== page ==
GUERGUERAT, 27 January 2021 – Fighters for the Polisario Front which seeks independence for the Western Sahara say they have bombarded Moroccan positions in the Guerguerat buffer zone.
The zone is situated between Morocco and Mauritania and is under Moroccan occupation and contested by Polisario Front as part of the Sahara Arab Democratic Republic (SADR).
“The Saharawi army launched four rockets in the direction of… Guerguerat,” the Saharawi press agency (SPS) said in a statement, citing a military leader of the separatist Saharawi forces.
The statement also alleged that attacks were also launched against Moroccan soldiers stationed along the security wall that separates Saharawi fighters from Moroccan forces.
Rabat dismissed the claims of attacks and bombardment, describing the entire announcement as part of a “propaganda war”.
“There was harassing fire near the area of Guerguerat, but it did not affect the trunk road, traffic was not disrupted,” theFrench News Agency (AFP) has reported, citing a senior Moroccan military official.
Last November, Moroccan forces launched an operation in the Guerguerat buffer zone reportedly to clear pro-independence protesters who had sealed off the road connection Morocco to sub-Saharan Africa.
Most of the territory of the former Spanish Western Sahara is under Moroccan occupation and since the 1970s.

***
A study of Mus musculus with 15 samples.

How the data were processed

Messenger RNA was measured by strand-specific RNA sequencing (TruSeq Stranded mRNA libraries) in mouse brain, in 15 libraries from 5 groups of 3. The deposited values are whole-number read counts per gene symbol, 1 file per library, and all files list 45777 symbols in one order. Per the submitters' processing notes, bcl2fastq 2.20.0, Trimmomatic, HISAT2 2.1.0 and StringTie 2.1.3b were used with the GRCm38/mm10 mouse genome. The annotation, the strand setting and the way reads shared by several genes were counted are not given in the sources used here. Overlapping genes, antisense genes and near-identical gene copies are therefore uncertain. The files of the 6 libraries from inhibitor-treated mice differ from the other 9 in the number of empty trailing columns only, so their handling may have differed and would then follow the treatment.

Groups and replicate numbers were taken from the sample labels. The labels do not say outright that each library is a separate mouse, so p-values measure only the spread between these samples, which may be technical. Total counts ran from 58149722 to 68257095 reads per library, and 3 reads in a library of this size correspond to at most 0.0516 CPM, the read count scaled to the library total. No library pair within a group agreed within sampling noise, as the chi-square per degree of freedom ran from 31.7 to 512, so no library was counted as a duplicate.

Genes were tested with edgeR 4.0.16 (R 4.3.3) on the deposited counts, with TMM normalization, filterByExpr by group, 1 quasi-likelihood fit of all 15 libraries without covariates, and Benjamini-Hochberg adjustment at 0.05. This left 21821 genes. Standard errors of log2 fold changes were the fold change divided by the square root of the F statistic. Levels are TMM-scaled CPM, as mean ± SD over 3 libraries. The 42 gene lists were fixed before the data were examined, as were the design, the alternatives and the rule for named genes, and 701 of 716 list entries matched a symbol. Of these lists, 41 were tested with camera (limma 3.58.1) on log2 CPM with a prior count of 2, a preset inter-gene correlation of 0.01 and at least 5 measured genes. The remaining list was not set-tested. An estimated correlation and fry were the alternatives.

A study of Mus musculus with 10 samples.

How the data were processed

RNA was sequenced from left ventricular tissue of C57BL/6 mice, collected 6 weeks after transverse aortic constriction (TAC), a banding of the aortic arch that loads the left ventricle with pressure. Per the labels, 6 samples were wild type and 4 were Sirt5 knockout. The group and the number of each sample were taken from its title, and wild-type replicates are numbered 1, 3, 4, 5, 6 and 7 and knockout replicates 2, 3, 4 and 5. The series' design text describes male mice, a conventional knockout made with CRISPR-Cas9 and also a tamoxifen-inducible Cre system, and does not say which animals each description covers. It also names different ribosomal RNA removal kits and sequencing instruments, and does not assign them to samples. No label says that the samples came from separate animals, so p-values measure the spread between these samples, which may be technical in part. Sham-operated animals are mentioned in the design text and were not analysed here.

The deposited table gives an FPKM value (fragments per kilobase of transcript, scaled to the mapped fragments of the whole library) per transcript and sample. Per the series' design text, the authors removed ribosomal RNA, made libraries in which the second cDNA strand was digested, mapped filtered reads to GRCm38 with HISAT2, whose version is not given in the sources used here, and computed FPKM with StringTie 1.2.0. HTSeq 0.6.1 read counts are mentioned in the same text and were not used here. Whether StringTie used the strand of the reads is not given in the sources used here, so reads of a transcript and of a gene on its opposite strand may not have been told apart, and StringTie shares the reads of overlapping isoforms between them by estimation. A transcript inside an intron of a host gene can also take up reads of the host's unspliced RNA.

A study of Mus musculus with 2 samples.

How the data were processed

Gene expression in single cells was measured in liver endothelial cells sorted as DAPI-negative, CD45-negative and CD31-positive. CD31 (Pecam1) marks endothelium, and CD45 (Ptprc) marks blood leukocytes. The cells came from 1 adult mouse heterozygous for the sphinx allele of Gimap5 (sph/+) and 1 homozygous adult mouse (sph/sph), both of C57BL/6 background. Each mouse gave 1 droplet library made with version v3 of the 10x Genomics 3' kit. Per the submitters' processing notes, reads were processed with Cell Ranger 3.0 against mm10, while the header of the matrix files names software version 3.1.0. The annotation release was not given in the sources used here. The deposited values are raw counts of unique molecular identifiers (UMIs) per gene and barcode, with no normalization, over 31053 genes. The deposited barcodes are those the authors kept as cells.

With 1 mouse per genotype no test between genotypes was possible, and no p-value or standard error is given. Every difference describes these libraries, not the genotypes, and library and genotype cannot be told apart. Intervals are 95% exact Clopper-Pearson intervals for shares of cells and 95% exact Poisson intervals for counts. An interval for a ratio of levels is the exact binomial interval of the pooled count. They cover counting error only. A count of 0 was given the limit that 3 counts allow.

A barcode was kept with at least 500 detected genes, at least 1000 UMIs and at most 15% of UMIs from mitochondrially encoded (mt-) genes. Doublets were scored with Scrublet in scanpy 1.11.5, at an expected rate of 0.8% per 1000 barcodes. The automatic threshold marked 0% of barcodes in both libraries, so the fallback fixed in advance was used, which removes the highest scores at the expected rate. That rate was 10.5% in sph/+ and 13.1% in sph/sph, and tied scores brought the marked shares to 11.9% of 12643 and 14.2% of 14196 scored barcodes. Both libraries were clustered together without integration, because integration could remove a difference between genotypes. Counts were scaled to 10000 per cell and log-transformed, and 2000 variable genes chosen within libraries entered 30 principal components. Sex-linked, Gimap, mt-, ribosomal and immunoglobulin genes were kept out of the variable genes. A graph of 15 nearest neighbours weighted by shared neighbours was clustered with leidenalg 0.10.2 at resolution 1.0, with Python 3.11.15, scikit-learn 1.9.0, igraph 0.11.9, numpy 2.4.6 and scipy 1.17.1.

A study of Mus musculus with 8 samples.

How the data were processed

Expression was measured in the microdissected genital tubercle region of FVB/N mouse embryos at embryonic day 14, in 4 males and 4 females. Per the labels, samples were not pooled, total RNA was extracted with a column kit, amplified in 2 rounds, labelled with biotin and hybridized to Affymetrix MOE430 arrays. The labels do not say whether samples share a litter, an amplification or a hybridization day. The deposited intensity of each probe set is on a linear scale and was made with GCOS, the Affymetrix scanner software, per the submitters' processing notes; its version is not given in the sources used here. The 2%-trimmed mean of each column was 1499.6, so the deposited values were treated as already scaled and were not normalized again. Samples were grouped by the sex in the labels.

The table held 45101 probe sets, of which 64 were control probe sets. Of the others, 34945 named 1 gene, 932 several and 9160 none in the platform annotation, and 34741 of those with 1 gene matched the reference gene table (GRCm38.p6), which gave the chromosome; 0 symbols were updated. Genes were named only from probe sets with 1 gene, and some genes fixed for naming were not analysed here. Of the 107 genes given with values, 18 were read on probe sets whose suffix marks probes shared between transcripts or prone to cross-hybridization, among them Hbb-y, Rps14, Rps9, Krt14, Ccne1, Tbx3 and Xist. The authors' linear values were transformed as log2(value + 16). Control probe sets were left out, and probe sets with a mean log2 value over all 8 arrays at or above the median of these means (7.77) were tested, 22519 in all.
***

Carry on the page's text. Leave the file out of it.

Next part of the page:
The Polisario Front waged an independence war against Morocco from 1975 to 1991, seeking to set up an independent African country known as the Saharawi Arab Democratic Republic (SADR).
A United Nations-backed ceasefire has been in force in Western Sahara since 1991 but when Morocco launched the operation reportedly “to clear the highway”, Polisario said it constituted a violation of the ceasefire.
The already high tensions have been made worse by the deal late last year by former US President Donald Trump recognizing Moroccan sovereignty over Western Sahara and the iopening of consulates there by a number of countries.
Negotiations under the auspices of the United Nations involving Morocco and the Polisario Front, with Algeria and Mauritania participating as observers, have not resumed since they were suspended in March 2019.
Polisario has said it is tired of waiting 30 years for the United Nations to honor a promise it gave three decades ago to organize an independence referendum.
While open to mediation, the Polisario Front says they will keep up the armed struggle, based on past experience.